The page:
This review was originally published in September 2015 as part of our coverage for the Toronto International Film Festival 2015.
If you’re truly interested in enjoying Robert Eggers’ neo-classic horror sensation-in-the-making, The Witch, to its true potential, then you should stop reading this review – or any other review – right now.
Maybe it’s a bit over the top to suggest that The Witch is running the risk of becoming a victim of its own success, but I am beginning to suspect that the fervor with which the spooky period piece was received when it first premiered at Sundance in January had a lot to do with how little audiences knew about it at the time.
So really: Stop reading this.
The Witch is not quite as brilliant as the early hype would suggest. It’s very well done and marks the debut of two talents we’re going to be watching for years to come in director Eggers and star Anya Taylor-Joy, who plays a persecuted and terrified teenager with harrowing realism. It’s just a little bit of a disappointment when you’re expecting a masterpiece, or – as it was introduced at its first public screening since Sundance – an instant entrant into the elevated genre canon, though.
This is unfair. Ideally, all films deserve to be judged on their own merits without any outside influence, expectations, or preconceived notions. But The Witch in particular could benefit from a completely and uninitiated viewer, and said viewer will be rewarded with a carefully crafted story that pulls you into its world piece by piece, letting you stew (and/or revel) in its palpable and exponentially growing fear of the unknown.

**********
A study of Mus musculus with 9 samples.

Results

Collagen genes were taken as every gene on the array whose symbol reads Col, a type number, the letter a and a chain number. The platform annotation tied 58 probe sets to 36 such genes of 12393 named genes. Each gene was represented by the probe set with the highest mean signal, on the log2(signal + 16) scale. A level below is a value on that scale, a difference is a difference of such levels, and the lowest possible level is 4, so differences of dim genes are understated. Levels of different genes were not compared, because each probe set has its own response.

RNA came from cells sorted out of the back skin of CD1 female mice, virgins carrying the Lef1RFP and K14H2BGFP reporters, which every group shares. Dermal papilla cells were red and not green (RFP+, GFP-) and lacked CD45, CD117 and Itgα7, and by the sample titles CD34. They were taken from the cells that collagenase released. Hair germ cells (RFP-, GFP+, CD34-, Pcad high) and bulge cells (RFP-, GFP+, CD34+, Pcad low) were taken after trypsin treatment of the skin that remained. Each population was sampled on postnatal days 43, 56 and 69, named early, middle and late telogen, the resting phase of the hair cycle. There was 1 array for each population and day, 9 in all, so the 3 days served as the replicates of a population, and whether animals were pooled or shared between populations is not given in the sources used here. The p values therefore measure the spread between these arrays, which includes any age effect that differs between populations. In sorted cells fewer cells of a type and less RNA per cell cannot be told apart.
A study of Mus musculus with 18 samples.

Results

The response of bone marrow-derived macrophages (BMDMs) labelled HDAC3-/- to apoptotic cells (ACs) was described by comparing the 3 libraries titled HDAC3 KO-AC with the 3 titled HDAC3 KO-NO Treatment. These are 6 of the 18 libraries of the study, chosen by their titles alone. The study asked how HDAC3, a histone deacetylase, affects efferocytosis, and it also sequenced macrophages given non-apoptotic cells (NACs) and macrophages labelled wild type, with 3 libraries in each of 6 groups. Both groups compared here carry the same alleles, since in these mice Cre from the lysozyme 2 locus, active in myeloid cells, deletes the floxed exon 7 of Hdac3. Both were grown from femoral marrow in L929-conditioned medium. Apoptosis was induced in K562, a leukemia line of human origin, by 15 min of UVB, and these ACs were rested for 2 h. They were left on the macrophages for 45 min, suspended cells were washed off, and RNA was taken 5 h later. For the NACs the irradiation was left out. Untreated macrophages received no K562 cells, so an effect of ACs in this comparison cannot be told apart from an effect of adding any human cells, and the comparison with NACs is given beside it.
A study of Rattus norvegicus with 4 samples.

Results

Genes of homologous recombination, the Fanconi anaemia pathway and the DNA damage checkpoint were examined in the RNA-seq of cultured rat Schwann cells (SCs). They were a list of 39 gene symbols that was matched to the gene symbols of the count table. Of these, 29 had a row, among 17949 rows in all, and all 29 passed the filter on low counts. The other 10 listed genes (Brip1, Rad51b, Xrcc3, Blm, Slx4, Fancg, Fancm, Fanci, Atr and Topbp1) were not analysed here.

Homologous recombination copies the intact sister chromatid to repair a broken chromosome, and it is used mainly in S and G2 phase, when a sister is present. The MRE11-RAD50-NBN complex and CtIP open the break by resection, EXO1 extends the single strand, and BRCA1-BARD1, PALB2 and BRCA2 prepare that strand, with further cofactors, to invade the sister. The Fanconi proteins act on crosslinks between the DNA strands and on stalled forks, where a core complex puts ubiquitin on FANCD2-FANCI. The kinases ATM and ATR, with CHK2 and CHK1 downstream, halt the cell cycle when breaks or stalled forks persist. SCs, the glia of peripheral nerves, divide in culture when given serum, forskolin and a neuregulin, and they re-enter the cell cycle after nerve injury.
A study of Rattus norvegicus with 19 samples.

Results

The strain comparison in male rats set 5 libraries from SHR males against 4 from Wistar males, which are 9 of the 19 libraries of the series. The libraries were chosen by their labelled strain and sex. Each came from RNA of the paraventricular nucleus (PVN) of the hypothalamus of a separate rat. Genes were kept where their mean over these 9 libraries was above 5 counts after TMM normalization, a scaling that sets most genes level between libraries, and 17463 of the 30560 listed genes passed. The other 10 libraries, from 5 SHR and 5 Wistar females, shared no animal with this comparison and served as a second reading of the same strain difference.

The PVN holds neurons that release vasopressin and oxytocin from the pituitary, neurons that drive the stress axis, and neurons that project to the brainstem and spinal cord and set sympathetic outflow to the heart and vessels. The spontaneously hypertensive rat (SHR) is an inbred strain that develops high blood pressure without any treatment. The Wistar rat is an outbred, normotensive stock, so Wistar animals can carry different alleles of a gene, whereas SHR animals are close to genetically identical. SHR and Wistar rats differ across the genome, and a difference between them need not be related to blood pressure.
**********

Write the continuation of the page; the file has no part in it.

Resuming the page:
Eggers appears to understand that quite well. It’s interesting to note that some of the biggest talking points in Witch-related discussion – that it was based on folk tales from 17th-century New England, and that much of the old English dialogue came directly from documents from that time period – are explained in title cards that appear at the end of the film, not at the beginning. This is information meant to augment what the viewer has already seen, not inform what they’re about to experience.
All you actually need to know about The Witch before you chose to watch is the title. From there, you can easily determine whether this is your kind of film or not. All you need to know to prepare you for the coldly crafted descent into madness to come is established in the first few scenes: an extremely religious family is exiled from their village in New England and move to an isolated settlement on the edge of an extremely foreboding forest.
The only thing more terrifying than the family’s complete isolation and defenselessness in the face of whatever lurks in those woods, be it natural or supernatural, is their brutally fire and brimstone concept of god. Fueled by the harsh proselytizing of their domineering father (Ralph Ineson) and the unquestioning obedience of their mother (Kate Dickie) the four older children go about their days in constant fear of damnation, moved the point of shaking tears at the thought of their devotion not being good or pure enough.
In the midst of this Crucible-on-steroids panic, the youngest child goes missing during a game of peekaboo with eldest daughter Thomasin (Taylor-Joy). While the family initially blames wolves for the infant’s disappearance, they become increasingly convinced that more sinister forces are behind the tragedy. Then they begin to suspect each other of witchcraft.
It falls short of an instant classic. It’s not a mind blowing achievement in horror. But The Witch is a solidly good film. Viewer satisfaction with the final scenes will entirely depend upon the individual’s preference for the horror of sheltered religious fervor versus literal witches, but everything that leads up to those moments is well-crafted and beautifully acted. Even the family’s goat puts in the performance of a lifetime.
The Witch is worth watching. Just don’t get too wrapped up in the hysteria that surrounds it. As the film itself so admirably demonstrates, unquestioned passion and devotion doesn’t tend to end particularly well.